One person killed and several injured in train collision near Munich

One person was killed and around 18 people were injured - five of them seriously - on Monday when two commuter trains collided near Munich in southern Germany, police said.

The scene near Ebenhausen-Schäftlarn station, in the Munich district, on Tuesday morning
The scene near Ebenhausen-Schäftlarn station, in the Munich district, on Tuesday morning. Photo: picture alliance/dpa | Matthias Balk

A 24-year-old passenger died in the crash, a spokesperson for Munich police said late on Monday. 

At least 18 people were injured – five of them seriously. They were rushed to hospital. 

The two train drivers are among those who are seriously injured, reported Bavarian broadcaster BR24. Around 25 passengers from the two S-Bahn trains were treated as outpatients. A total of 95 people were in the carriages at the time of the collision. 

The cause of the crash, which happened at around 4.40pm, is not yet clear.

The extent of the damage can be seen following the crash. Photo: picture alliance/dpa | Matthias Balk

Images in local media showed passengers standing next to the track after the collision, with partially derailed carriages visible.

“One person died and there are injured people – in the double-digit range,” a Munich police spokesman told AFP

 Another 14 people were injured, a police spokeswoman told AFP.

The crash occurred near the S-Bahn urban rail station of Ebenhausen-Schäftlarn, southwest of Munich, with the two commuter trains apparently slamming into each other head-on.

 More than 200 rescue workers and police were at the scene by the early evening, the police spokesman said.

One injured person was initially trapped inside a carriage but was later freed, he added.

A crane is in use at the scene of the accident.

A crane at the scene of the accident. Photo: picture alliance/dpa | Matthias Balk

Germany’s top-selling Bild newspaper had earlier reported that a train driver was trapped in the mangled wreckage.

The stretch of track in Germany’s Bavaria region was closed off after the incident, with rail replacement bus services running.

Rescue teams at the scene on Monday. Photo: picture alliance/dpa | Matthias Balk

Passengers on board the trains told the Merkur newspaper that they felt a loud bang and were thrown forward.

German rail operator Deutsche Bahn said the relevant authorities had opened an investigation.

“No assessment can be made about the cause of the accident at this moment,” it said in a statement.

“Our deepest sympathies go out to the relatives of the victim of the accident. We wish the injured a speedy and full recovery,” added Heiko Büttner, head of S-Bahn Munich.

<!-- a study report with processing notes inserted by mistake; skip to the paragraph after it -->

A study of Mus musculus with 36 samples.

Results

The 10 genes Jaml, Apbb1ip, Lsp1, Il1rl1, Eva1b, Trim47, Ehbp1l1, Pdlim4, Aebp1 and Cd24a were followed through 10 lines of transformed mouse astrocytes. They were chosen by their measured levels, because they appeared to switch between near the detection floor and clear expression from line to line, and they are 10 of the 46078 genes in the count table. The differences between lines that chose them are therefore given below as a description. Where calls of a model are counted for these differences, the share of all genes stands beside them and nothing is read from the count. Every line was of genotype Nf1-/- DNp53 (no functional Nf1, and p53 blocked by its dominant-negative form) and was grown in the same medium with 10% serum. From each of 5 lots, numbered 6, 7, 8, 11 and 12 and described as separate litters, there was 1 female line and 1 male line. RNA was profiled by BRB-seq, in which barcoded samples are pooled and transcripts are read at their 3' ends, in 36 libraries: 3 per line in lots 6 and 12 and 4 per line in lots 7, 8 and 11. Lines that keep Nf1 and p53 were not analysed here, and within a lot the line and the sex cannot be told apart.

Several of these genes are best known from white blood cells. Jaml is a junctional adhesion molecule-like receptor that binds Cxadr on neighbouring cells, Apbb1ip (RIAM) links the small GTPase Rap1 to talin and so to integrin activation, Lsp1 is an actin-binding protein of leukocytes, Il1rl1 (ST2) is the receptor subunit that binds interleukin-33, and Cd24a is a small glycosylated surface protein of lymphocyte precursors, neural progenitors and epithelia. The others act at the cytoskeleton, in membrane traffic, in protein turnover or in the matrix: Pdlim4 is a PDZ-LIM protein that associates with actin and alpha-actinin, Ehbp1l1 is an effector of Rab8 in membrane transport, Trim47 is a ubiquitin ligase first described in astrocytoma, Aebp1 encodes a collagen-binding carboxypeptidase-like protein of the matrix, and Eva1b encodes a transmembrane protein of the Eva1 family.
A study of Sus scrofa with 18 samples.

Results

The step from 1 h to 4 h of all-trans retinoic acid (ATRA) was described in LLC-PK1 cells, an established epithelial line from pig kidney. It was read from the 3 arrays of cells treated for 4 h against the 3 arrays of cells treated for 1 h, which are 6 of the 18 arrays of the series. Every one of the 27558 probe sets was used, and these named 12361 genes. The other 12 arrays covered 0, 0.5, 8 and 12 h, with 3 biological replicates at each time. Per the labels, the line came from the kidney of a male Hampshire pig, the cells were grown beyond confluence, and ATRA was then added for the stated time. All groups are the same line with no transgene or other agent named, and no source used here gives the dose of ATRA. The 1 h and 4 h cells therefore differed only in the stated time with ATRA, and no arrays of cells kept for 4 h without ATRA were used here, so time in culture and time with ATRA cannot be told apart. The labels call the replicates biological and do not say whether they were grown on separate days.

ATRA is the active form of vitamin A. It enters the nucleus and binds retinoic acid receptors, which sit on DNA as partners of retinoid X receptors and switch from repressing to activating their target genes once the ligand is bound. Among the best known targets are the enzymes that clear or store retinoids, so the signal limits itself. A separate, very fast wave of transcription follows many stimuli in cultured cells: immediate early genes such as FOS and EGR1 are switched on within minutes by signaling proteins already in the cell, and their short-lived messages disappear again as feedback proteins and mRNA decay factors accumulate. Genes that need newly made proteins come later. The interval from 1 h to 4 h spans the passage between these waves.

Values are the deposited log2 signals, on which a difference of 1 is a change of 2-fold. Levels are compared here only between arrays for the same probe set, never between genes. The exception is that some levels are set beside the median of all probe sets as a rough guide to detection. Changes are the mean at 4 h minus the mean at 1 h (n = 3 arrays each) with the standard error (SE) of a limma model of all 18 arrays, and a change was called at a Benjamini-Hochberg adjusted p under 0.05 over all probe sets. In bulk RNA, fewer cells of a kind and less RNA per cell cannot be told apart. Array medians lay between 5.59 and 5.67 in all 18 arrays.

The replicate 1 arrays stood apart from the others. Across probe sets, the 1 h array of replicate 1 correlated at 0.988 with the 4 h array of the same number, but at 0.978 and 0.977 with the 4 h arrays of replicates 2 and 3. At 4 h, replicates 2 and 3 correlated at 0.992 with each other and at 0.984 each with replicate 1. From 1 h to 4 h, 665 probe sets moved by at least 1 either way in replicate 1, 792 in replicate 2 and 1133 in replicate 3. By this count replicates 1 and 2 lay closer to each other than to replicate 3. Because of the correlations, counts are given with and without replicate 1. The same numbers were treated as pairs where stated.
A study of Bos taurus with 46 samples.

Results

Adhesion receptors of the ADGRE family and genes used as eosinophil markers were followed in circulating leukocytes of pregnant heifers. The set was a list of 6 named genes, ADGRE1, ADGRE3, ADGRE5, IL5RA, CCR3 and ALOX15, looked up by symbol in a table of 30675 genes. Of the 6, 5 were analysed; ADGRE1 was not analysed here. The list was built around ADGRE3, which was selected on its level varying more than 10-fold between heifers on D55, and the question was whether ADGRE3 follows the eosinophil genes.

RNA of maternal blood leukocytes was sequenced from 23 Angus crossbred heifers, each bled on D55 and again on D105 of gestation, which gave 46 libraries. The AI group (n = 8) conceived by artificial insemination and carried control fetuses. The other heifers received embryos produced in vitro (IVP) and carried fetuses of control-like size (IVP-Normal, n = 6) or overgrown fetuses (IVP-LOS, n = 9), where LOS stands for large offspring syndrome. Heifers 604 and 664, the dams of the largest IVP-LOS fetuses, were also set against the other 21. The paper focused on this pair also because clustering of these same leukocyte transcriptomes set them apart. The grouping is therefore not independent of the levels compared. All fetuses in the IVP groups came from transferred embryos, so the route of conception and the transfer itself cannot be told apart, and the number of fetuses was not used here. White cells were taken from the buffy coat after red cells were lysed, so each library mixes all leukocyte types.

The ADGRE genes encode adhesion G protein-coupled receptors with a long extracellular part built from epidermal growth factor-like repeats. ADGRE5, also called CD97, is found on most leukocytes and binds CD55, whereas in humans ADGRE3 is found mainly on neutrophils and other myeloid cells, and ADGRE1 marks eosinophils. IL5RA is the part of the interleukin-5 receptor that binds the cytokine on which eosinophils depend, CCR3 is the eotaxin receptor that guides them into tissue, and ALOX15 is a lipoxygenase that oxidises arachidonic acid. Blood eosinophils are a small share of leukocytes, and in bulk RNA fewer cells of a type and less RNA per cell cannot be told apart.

Bavarian premier Markus Söder expressed dismay at the “terrible news” and thanked the rescue workers for their “quick action”.

According to local radio, two S-Bahn trains nearly collided in the same area last August, but both drivers were able to brake in time.


Munich introduces diesel driving ban in city centre

A diesel driving ban comes into effect in Munich’s city centre on February 1st. Here’s how it works.

Munich introduces diesel driving ban in city centre

As part of a drive to clean up the Bavarian capital’s air quality, Munich is banning diesel vehicles from its downtown.

All vehicles with emissions standards of Diesel Euro 5/V or worse will eventually be affected. The ban is, however, being phased in over three stages – so some vehicles will fall under the ban later than others.

Vehicles with emissions standards of Euro 4/IV or worse will fall under the ban immediately.

Stage two of the ban starts on October 1st of this year and will affect all vehicles with Euro 5/V or worse, except if the driver has obtained a legal exception.

Starting on April 1st, 2024, most ban exceptions given out until then will expire – and the ban will cover all diesel vehicles with Euro 5/V or worse.

Where in Munich is affected?

Everywhere inside Munich’s main ring road, the B2R, falls under the ban. This includes Munich’s entire city centre. Diesel vehicles can still operate outside this zone.

Who gets an exception?

Craftsmen, delivery services, emergency vehicles, people with disabilities, residents of the neighbourhood, and nursing homes can all apply for exceptions to the ban. However, exceptions for both residents and delivery services will expire on April 1st, 2024.

A special permit proving an exception costs about €50 a year.

What’s the penalty?

Breaking the ban likely comes with a combined fine of around €128, including administration costs and the actual ticket.

Where can I find my car’s classification?

You can find your vehicle’s emission classification in Part I of your registration certificate, under point 14.1.